First Moot Court Competition Inaugurated at AMU
For the first time in the history of Aligarh Muslim University, Faculty of Law, Aligarh Muslim University organized a two-day National Sir Syed Moot Court Competition-2015. The legal battle amongst 24 teams from all over the country started here today. Justice Saeeduz Zaman Siddiqui, former Judge of Allahabad High Court and presently Chairman of the Industrial Tribunal, Lucknow inaugurated the event. AMU Vice Chancellor, Lt. Gen. Zameer Udin Shah presided over the inaugural session.
Paying rich tributes to the founder, Justice Siddiqui said that “Sir Syed not only founded an institution but initiated a movement which later transformed into a modern institution and organizing the Moot Court competition in his name is in fact acknowledging his scholarly pursuits and vision”.
Justice Siddiqui said that law is mother of all sciences because it is based on common sense. He said that delivering justice was the most difficult task and legal knowledge and ability to apply the common sense was the crux of the matter. Referring to the Moot Court practice, he pointed out that it provided a platform to practice proper language and apply correct legal terminologies. He said that a lawyer had to learn how to present a case in a decent manner as it greatly helped to win the discretion of the court in his favour. He said that “a lawyer may not know how to speak but he should know where to stop.”
Referring to Indian scenario, Justice Siddiqui lamented that “elite bureaucrats” were widening the gap between the public and the Government and judges had a greater role to bridge this gap and ensure justice to common people.
Justice Siddiqui said that participation in Moot Courts helped law graduates to cultivate self possession, fluency, clarity of enunciation, practice of court procedure and experience in the art of persuasion and presenting cases.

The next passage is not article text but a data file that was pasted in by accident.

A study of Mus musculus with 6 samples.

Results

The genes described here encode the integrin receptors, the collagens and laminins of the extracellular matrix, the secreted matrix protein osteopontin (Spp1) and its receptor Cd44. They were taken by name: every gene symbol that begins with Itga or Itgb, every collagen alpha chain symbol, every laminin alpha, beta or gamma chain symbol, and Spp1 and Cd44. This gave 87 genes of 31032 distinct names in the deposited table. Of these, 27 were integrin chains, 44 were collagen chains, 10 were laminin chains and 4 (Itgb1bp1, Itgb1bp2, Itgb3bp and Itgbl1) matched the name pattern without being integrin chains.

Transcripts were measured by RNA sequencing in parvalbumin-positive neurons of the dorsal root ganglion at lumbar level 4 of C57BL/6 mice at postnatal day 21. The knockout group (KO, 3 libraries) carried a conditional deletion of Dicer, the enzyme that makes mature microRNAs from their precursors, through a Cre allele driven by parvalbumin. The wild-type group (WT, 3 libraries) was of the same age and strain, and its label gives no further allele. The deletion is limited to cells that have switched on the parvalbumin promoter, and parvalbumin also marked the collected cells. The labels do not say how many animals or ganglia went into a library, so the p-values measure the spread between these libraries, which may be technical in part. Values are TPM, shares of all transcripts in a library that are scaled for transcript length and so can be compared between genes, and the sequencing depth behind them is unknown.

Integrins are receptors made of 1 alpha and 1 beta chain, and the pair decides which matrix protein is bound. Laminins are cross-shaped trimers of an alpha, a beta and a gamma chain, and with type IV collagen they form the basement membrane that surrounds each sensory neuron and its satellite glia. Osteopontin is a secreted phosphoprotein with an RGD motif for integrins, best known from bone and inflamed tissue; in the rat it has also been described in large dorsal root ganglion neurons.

In his presidential address, AMU Vice Chancellor, Lt. Gen Zameer Uddin Shah said that “practical training is a step towards how to be a professional and moot court is an ideal training for the students aspiring to be lawyers.” He emphasized that four professions, armed forces, medicine, teaching and profession of law needed a calling (an inner voice) where money does not matter but the honour is at stake.
Gen. Shah advised the students to have correct references, knowledge of English language, communicative skills and ability to convince judges and finally to speak truth.
Earlier, in his welcome address, Prof. Iqbal Ali Khan, Dean, Faculty of Law said that organizing Moot Courts in every law school has become indispensable because it is a part and parcel of undergraduate programmes. He said that in a Moot Court, the law students are practically taught honesty of purpose, industrious engagement, rendering justice as a judge and helping to tender justice as an Advocate. He said service of society with a philosophical free thinking and ability to solving legal problems was an inherent part of legal training.
Dr. Javaid Talib, Convener of the programme, proposed a vote of thanks. He said that the final rounds of the competition will be held on March 29 and Justice R. D. Khare, Judge, Allahabad High Court will judge the event.
Organizing Secretaries Dr. Mohammad Tariq and Dr. Hashmat Ali Khan, along with other faculty members were present on the occasion.